Fighting corruption or fanning discontent?
The upsurge against corruption has acquired mind-boggling complexities. It has throw up serious questions but no ready answers. Rather than being an empowering experience, it has disempowered and divided public opinion.
Many believe that Arvind Kejriwal is right. Others say he’s wrong and raking up muck to carve political space for his yet-to-be-named party at the expense of established players. So much so that certain right wing activists have branded him a closet communist for having spared the Left from his onslaught across political divide.
Be that as it may, Kejriwal’s India Against Corruption has for the present captured popular imagination and succeeded largely in becoming the voice of the people denied justice and fair play. Rampant corruption and nepotism has added force to their campaign.
But can Kejriwal sustain the fight against the mighty order he’s painting corrupt and insensitive on a daily basis? To show himself as fairer he has tended to tar all politicians with the same brush. Only time will tell whether it’s a work of genius or a fatal tactical blunder?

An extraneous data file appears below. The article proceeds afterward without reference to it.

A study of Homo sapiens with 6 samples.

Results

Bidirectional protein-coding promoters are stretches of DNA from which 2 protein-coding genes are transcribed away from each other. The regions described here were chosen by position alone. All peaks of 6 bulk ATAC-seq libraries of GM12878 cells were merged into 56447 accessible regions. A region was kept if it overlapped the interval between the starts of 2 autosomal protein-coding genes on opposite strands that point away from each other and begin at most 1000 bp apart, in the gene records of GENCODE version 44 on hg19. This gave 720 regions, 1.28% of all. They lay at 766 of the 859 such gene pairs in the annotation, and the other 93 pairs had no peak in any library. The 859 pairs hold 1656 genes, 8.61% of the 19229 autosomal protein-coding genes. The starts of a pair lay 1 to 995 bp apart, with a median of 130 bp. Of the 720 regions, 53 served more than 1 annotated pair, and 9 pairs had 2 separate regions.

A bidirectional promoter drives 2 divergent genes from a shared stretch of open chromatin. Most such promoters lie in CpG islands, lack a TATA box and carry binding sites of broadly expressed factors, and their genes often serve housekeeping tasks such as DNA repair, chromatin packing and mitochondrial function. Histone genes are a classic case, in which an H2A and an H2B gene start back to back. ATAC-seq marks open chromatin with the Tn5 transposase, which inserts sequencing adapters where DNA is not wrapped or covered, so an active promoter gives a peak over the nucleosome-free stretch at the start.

The danger of IAC running out of steam is grave and real. It has given people a forum to articulate their grievances. But there’s no assurance or a clearly laid out road to secure justice that’s denied to them.
Kejriwal has no faith in the agencies under government control. He’s also unwilling to approach courts with documentations he shares with the Media to shame the alleged culprits. His stock solution for all ills is the institution of the Jan Lokpal that isn’t going to happen any time soon even if the IAC makes a debut in state assemblies and Parliament.
Experience shows the association of thieves is much stronger than that of honest people. Or else the likes of Anna Hazare and Kiran Bedi wouldn’t have parted ways with Kejriwal.
It’s difficult to pass judgment whether IAC’s allegations against Robert Vadra, Nitin Gadkari and a trust chaired by Salman Khurshid establish criminality. But they surely raise serious questions of propriety.
Besides ensuring early justice for the people for whom they speak, Kejriwal and his associates will hereon have to fight a spate of counter-attacks and insinuations from the political class. Their credibility could be severely dented if even one case highlighted by them in the media fails judicial scrutiny. For it isn’t enough to be passionate in politics. People follow path-finders; leaders who are mad and methodical at the same time.
Post-script: Kerjiwal has made an impressive beginning. Can he script a happy ending?